Li Kaifu, the 47-year-old head of Google in China, has abruptly quit the company.
Google says it is nothing to do with its woes in China, which have included the blocking of YouTube since March and periodic bans on Google.com and Google.cn too.
According to Li’s blog at Sina, Google did want to keep him – offering him a new four-year deal – but he wanted to leave to set up a venture capital fund that will invest in young Chinese entrepreneurs.
There are rumours that he had been in negotiations with American VCs before over the plan, but only now has the deal been able to tempt him away. Sources close to Li suggested that he has unrivalled contacts inside Chinese universities and will be able to tap the best talent.
Still, the timing is odd. Google is still in the middle of a trench war with Baidu, which has seen it slowly eke up its market share, and is about to embark on an enormous marketing campaign to try to win more ground. Google has 33pc of the Chinese search market, compared to Baidu’s 63pc share.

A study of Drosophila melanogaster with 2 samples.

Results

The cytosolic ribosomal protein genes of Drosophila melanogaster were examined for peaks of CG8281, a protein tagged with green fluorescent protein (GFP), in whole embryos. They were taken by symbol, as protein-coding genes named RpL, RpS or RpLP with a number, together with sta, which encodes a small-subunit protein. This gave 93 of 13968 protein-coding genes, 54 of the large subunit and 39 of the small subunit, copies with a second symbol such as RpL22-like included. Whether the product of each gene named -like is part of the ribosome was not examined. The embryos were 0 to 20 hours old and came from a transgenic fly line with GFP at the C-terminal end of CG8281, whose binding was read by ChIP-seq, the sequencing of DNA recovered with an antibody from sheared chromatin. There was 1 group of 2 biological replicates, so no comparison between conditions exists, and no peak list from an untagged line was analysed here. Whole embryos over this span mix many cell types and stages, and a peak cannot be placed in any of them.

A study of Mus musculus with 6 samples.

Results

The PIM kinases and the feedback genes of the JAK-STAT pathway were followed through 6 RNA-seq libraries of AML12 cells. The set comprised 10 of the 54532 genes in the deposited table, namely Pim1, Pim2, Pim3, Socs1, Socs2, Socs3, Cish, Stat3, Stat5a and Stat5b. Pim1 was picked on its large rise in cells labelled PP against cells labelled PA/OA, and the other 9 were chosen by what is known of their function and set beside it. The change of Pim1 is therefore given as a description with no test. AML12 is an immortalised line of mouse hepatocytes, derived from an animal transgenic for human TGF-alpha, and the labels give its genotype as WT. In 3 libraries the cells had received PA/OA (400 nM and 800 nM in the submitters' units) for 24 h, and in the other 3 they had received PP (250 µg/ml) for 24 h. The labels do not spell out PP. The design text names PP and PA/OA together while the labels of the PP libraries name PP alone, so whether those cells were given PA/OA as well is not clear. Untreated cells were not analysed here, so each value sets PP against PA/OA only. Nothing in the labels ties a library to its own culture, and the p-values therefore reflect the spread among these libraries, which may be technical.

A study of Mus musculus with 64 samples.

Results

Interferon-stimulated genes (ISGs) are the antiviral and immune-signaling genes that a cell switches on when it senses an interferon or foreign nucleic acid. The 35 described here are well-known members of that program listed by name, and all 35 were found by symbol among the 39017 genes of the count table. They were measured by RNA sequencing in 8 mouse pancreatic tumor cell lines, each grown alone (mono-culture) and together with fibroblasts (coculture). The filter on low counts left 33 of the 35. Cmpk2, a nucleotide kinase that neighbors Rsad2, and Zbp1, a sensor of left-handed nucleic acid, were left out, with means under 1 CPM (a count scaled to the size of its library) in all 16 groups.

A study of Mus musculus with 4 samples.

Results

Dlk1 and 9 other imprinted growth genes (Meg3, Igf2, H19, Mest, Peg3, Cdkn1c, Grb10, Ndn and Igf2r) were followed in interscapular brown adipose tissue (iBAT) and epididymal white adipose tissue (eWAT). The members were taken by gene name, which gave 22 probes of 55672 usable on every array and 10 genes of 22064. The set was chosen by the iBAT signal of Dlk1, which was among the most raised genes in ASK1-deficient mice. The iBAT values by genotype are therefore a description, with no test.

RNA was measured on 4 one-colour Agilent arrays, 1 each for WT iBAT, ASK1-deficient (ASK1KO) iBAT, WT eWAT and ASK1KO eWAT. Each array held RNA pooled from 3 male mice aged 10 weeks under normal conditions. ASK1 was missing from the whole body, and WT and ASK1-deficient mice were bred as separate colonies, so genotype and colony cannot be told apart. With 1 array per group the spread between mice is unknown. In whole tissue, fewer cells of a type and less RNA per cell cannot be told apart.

The company has invested resources in its Chinese search engine and is now going to double its sales team to sell its "superior" technology. Li said that mobile searches are now the key battleground, but he is leaving just as 3G begins to get a foothold. It seems odd he didn’t want to stick it out to reap the rewards of his work.
Maybe it was the money that lured him – after all, he also had a fine job at Microsoft which he left to go to Google – but maybe he had simply got tired of being hampered by Chinese restrictions. There’s a telling line in the goodbye letter he has written on his blog. It says he was desperate to do something that he had "total control over". Maybe Google’s frustrations have just burned him out.